On September 6th, 1953, somewhere in Los Angeles, a 5-month-old baby boy named Larry cooed and ahhh’d in his mother’s arms. She had been born in Arizona, a first generation American christened Guadalupe, but, as was the fashion of the time, she had taken the Anglicized name “Ruby” as her own. Little Larry, her baby boy, was her third child by her husband, Carlos. She and Carlos had been sweethearts since childhood, since before the war.
Ruby’s first two children were dark complected, dour reflections of Ruby’s dark Mexican-Indian heritage, but little Larry was different. He had golden skin and golden hair, and his blue eyes were fixated on hers the moment he left her womb. He was mama’s baby boy, mama’s darling, her precious love. She kept Larry pressed tightly to her, always.
Larry knew her warmth, her love, her heartbeat, her smell. He couldn’t get enough of her. She was comfort. She was love. She was safety and god-like with her warm breath on his face he felt loved, so loved, and he needed her so could live only with her only with her only with her…
Ruby sat on a porch in a hard and cracked chair, snuggling Larry tightly against her breast. Carlos was somewhere around the county, or maybe south in Orange that day, driving a large and stuttering truck loaded with bread and baked goods. Should he suddenly turn a corner and find himself amongst the rubble and amidst the spoliation of Mussolini’s Italy, it was never for long. He turned those memories into stories like a scorekeeper or a play-by-play man would, and in their telling those horrific visceral memories became mere photographic negatives on his mind. 2-dimensional, unreal. Boxscores.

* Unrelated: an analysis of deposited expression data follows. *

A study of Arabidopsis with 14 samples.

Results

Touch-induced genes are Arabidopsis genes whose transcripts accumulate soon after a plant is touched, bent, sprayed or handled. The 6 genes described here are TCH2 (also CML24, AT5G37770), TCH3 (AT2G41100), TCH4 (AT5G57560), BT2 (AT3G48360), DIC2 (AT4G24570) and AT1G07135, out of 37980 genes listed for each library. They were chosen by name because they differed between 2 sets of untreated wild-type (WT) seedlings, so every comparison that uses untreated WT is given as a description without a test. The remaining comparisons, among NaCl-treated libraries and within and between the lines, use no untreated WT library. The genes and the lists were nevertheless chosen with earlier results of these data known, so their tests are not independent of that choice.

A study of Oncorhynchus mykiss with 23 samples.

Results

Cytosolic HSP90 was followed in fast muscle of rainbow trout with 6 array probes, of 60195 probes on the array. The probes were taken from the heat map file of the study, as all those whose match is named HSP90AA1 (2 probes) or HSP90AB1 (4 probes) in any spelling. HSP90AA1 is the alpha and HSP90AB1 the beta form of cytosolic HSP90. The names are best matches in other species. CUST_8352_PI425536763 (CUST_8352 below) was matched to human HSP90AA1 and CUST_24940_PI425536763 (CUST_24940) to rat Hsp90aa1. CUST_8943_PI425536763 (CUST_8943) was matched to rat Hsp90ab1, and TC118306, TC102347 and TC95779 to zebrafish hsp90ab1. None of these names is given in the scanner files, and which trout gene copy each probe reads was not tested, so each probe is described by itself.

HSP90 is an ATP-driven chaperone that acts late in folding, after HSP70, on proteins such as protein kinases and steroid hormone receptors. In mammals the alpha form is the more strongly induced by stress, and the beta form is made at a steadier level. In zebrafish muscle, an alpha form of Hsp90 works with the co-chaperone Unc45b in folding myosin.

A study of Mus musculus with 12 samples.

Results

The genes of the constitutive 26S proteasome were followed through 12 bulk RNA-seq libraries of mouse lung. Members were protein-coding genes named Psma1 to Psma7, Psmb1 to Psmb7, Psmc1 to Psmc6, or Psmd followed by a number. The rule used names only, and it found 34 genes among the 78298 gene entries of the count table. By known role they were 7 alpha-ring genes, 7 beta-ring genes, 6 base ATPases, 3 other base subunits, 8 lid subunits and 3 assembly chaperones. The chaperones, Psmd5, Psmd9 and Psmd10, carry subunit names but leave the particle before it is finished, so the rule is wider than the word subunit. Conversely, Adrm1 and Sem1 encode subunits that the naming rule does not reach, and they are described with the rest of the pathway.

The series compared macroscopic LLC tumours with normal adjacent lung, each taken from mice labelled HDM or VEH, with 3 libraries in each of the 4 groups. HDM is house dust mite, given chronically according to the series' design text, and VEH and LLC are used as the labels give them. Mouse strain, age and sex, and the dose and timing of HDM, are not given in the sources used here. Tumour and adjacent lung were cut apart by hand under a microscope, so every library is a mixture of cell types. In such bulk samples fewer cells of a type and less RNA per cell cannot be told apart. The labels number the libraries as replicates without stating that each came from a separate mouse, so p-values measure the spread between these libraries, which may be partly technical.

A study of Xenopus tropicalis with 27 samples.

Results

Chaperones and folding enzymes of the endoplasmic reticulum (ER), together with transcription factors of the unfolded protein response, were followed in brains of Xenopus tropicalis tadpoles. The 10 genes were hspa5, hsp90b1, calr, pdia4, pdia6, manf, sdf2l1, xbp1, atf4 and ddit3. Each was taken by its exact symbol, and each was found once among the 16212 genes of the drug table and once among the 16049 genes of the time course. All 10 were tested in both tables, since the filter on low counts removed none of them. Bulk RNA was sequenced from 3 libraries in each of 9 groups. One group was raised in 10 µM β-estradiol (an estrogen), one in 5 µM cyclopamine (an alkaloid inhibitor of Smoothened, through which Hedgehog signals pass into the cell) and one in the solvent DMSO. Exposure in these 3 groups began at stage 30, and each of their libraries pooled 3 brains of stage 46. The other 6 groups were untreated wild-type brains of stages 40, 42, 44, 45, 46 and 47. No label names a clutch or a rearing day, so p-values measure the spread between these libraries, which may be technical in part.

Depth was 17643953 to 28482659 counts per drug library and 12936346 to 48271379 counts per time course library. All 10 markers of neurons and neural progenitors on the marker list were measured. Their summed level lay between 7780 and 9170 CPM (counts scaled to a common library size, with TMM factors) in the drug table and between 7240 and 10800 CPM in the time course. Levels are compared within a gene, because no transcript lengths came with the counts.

Carlos rode with the radio off that day, and he missed the announcement that the 1953 Brooklyn Dodgers had won – already – their 100th ballgame and were on pace to smash the major league record for most wins in a season.
At 100-32, the Dodgers had a 23 game lead over the 2nd place Milwaukee Braves. The Braves with 76 wins and 24 games left in their season, would lose any faint statistical chance they might still have at the National League pennant with either their next loss, or the Dodgers next win. The Dodgers “magic number” was 1.